What exactly is a bear market? There's a technical threshold that defines bear market territory, and that's a loss in value of 20% or more from a financial asset's all-time high. Take the Nasdaq-100 technology index, for example. It's down 25% right now, and it was down as much as 34% earlier this year, so it certainly fits the criteria.

While it's a scary time for investors, strong stock market returns wouldn't be possible without sizable dips like the current one. They offer great opportunities to deploy money into beaten-down stocks and position investment portfolios for growth over the long term. 

After all, the Nasdaq-100 has more than doubled in value over the last five years, even with its recent losses. Here are two technology stocks investors can buy right now at steep discounts -- and when they look back 10 years from now, they might be glad they did. 

1. Snap Inc: Down 87% from its all-time high

Snap Inc (SNAP -0.09%) is the parent company of social media platform SnapChat. As you can see from its steep decline in value, it's not having a great year. Soaring inflation and rising interest rates are squeezing the spending power of consumers, and advertisers have pulled back on their marketing budgets, which is what drives Snap's revenue. 

But there's a reason investors should overlook the recent weakness. Snap's user base continues to grow, reaching 347 million daily active users in the recent second quarter of 2022 (ended June 30). Since the economy always recovers in the long run, advertising budgets should bounce back, and Snap will once again be a go-to platform for businesses that want to reach a growing, young audience.

In the meantime, the company is investing heavily in improving its ad platform. It's building new tracking tools to compensate for Apple's (NASDAQ: AAPL) privacy changes from last year, and it continues to innovate in the augmented reality (AR) space. Since January 2021, over 250 million users have engaged with Snap's AR shopping Lenses 5 billion times, which allows them to try on clothes and accessories virtually. It's a real potential game changer for e-commerce.

Despite the difficult economic environment, Snap still managed to grow its revenue by 13% in the recent second quarter to $1.1 billion. It's a much slower growth rate than the 116% it delivered in the same period last year, but that was up against a much smaller comparable number. Snap does need to work on one thing, though: Keeping its costs in check. Generating slower revenue growth without trimming costs can lead to blowout net losses, like the $422 million net loss the company delivered in the second quarter.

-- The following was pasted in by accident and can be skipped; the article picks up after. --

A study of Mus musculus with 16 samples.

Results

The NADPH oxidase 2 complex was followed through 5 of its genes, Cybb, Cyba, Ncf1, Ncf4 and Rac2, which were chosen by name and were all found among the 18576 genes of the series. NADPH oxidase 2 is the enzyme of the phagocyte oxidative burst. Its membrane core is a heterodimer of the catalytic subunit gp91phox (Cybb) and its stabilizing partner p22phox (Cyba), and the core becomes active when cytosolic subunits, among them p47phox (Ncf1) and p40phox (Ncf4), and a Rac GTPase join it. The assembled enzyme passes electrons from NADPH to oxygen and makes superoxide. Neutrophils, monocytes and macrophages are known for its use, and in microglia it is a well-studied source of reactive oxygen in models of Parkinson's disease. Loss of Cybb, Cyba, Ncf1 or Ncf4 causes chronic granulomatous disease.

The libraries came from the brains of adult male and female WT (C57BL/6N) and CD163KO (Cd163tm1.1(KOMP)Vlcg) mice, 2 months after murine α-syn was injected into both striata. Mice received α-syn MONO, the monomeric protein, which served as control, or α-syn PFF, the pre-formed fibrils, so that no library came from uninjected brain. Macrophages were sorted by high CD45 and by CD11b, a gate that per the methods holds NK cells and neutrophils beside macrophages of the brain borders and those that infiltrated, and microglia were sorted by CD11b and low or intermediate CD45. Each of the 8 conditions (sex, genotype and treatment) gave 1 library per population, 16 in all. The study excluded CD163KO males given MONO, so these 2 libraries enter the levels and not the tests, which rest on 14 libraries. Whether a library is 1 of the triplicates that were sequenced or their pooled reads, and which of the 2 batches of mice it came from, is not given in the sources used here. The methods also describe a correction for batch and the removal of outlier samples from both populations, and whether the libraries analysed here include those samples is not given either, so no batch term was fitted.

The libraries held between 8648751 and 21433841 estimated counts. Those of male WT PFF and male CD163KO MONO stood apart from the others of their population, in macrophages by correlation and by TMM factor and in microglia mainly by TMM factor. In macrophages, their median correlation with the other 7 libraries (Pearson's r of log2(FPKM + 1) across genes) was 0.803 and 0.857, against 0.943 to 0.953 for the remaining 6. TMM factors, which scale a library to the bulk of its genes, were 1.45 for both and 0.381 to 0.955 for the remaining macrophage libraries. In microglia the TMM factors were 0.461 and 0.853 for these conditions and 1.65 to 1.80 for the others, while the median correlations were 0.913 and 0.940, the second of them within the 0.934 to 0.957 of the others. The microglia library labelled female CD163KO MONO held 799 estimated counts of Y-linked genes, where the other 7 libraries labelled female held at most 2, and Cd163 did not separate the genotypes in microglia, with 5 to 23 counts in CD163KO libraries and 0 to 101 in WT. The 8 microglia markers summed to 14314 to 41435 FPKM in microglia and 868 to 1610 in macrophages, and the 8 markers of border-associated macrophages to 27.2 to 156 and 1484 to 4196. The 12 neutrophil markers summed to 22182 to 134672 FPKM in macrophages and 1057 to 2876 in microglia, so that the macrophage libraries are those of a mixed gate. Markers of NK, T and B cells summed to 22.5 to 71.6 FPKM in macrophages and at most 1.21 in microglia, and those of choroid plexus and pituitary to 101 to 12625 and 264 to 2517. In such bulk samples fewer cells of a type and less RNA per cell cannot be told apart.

On the other hand, Snap has $4.8 billion in cash, equivalents, and marketable securities on its balance sheet, so it can technically afford to spend aggressively for now. For investors who buy the stock here at its heavily discounted price, that spending should yield returns over the next five to 10 years, especially since much of it is focused on improving Snap for advertisers.

2. Duolingo: Down 54% from its all-time high

Duolingo (DUOL 1.59%) is faring quite a bit better than Snap with respect to its decline in value. That's because the company has had a stellar operating performance in 2022, making it hard for investors to ignore even as they shunned tech stocks in general. Duolingo is the global leader in digital language education, and its mobile app has been downloaded more than 500 million times.

It's more successful than other providers because it has made a game out of the learning experience, which is fun and interactive. Plus, it has added a social networking dimension that allows users to connect with family and friends so they can monitor each other's progress. Not to mention its mobile-first approach means lessons are always at the ready anytime, anywhere.

Duolingo's monthly active user base soared 31% year-over-year in the second quarter of 2022 to 49.5 million. But the number of learners paying subscription fees to unlock extra features grew by an even more impressive 71% to 3.3 million. Those subscribers now make up 7.2% of Duolingo's monthly active user base, which has consistently grown every quarter since the company introduced the paid option in 2018.

That has driven Duolingo to become the highest-grossing mobile app in the education category across both Apple's App Store and Alphabet's (NASDAQ: GOOGL)(NASDAQ: GOOG) Play Store.

Duolingo generated $250 million in revenue in  2021, and has told investors it expects that to grow by up to 46% to $367 million in 2022. But it's a mere fraction of what the company estimates will be a $47 billion annual opportunity globally by 2025, from 1.8 billion foreign language learners. While Duolingo isn't a profitable company just yet, it's wise for it to continue investing in growth because it's expanding so quickly, and its addressable market is so large.

In 10 years, investors might be glad they bought the stock during the current bear market.